The Seattle P-I:
Long canoes built in the Northwest style crowded an easily overlooked stretch of rocky Mukilteo beach Thursday, marking a return 152 years in the making.
Known now as Mukilteo Lighthouse Park, the small point of land carried a different name in 1855, when tribal leaders came to terms with territorial Gov. Isaac Stevens and signed the Point Elliott Treaty.
The brief document — it contains only 15 short sections — relegated Puget Sound-area tribes to three reservations while clearing the way for white settlers to control the rest of the territory. In doing so, the treaty set in motion events that nearly eradicated the culture that tribal leaders hoped the document would protect.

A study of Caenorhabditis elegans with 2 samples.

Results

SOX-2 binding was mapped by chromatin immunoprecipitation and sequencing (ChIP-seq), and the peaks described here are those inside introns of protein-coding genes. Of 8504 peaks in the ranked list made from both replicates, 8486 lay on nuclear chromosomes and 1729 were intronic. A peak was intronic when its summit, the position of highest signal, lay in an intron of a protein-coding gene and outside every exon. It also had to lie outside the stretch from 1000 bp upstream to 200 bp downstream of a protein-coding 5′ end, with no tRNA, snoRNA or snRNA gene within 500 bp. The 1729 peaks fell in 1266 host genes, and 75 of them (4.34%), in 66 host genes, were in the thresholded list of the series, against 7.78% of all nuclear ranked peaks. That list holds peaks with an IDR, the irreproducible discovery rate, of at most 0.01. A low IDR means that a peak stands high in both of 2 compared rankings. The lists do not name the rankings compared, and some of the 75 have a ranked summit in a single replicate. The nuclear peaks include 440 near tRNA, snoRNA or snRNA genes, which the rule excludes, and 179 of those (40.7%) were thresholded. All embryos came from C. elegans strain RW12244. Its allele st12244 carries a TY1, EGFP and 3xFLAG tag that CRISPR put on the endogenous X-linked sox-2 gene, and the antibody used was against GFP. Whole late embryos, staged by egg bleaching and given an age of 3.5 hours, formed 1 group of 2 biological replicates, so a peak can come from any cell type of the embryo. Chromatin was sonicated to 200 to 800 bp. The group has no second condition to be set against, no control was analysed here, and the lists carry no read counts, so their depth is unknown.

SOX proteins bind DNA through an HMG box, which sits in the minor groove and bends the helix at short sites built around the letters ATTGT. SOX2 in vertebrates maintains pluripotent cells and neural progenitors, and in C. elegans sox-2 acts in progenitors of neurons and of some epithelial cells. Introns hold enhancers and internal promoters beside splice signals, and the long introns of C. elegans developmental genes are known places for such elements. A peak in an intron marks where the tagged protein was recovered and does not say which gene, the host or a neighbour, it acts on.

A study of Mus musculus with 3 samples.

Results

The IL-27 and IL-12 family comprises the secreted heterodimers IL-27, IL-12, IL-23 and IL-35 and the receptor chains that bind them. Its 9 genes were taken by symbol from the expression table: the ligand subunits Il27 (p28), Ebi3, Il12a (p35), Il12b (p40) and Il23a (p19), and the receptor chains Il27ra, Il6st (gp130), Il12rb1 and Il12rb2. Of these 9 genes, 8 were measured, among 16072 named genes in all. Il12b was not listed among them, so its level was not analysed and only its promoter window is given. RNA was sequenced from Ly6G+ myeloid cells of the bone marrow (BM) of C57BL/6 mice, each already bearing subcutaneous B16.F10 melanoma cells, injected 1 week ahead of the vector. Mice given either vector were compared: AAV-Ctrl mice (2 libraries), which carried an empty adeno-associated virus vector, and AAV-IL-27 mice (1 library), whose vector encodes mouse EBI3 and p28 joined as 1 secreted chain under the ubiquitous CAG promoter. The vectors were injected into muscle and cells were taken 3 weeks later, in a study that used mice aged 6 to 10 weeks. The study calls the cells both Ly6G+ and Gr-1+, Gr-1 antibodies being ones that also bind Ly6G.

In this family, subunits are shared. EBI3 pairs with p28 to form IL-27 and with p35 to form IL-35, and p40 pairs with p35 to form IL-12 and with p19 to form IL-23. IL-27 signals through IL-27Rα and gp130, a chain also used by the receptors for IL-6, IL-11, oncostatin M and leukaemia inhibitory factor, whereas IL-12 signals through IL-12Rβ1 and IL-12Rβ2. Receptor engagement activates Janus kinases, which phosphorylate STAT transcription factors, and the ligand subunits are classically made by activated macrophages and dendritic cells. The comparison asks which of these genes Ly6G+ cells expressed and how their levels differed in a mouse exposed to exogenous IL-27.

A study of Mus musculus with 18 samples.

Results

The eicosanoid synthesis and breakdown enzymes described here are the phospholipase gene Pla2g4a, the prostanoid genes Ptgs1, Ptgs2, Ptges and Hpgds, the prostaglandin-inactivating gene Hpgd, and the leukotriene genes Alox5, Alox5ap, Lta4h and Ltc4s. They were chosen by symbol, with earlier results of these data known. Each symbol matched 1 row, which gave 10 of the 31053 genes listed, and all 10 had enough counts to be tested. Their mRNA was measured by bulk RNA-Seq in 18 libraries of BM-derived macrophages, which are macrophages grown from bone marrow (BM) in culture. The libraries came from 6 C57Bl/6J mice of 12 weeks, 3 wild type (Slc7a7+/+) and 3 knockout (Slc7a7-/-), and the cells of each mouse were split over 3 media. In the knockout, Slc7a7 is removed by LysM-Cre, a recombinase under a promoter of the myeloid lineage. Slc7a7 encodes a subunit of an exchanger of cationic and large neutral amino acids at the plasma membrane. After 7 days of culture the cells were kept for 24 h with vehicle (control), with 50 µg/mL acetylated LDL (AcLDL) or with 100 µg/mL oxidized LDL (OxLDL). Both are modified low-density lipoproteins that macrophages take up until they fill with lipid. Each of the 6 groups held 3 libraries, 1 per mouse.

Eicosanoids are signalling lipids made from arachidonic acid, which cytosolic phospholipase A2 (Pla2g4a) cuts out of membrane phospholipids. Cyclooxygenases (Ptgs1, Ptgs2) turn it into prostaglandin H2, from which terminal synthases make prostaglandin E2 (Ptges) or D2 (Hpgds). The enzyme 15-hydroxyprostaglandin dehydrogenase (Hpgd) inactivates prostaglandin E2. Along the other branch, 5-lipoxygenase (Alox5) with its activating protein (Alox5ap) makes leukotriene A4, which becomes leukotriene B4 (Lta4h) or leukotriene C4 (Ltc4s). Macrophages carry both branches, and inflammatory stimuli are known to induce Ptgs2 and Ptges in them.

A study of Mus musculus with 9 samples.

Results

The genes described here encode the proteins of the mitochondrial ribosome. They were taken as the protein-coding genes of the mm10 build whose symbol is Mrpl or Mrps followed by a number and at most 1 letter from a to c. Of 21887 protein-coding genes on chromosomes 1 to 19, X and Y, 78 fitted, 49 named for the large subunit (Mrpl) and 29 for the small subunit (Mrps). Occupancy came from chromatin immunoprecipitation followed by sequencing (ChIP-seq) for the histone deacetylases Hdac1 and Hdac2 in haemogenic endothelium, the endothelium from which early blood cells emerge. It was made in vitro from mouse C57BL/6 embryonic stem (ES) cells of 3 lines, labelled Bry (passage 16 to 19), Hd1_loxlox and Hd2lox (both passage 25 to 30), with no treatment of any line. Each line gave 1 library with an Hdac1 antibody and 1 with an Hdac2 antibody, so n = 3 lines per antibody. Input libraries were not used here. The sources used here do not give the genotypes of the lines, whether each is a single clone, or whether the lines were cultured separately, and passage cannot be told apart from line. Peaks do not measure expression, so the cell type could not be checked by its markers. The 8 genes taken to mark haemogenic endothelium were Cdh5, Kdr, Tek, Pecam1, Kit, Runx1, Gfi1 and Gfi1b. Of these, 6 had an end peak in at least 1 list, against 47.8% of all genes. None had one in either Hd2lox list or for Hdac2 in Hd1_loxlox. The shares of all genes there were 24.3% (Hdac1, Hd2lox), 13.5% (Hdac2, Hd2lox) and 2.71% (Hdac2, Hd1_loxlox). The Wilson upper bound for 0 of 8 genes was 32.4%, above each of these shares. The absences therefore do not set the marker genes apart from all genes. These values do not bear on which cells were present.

But the several hundred canoeists who crossed the Sound from the Kitsap Peninsula came as part of the annual intertribal canoe journey, an event that has come to symbolize a resurgence of culture enjoyed by many Northwest tribal members, said Ray Fryberg, a Tulalip Tribes member who helps organize his tribe’s participation in the journey.
The canoes came to the shore at Lighthouse Park in Mukilteo in shades of black, red, white and brown.
Spectators cheered for the canoes, named Raven, Blue Heron and Big Brother, as the paddlers navigated through the water.
And when the paddlers pulled their canoes ashore, they made history.
Mukilteo was chosen as a landing spot for the 2007 Intertribal Canoe Journey, which ends at Lummi near Bellingham.
Hundreds of people gathered at the shores of the park to watch the canoes land. Approximately 40 canoes are making the journey this year.
The landing marked the first major gathering of American Indians at Mukilteo since the signing of the Point Elliot Treaty in 1855.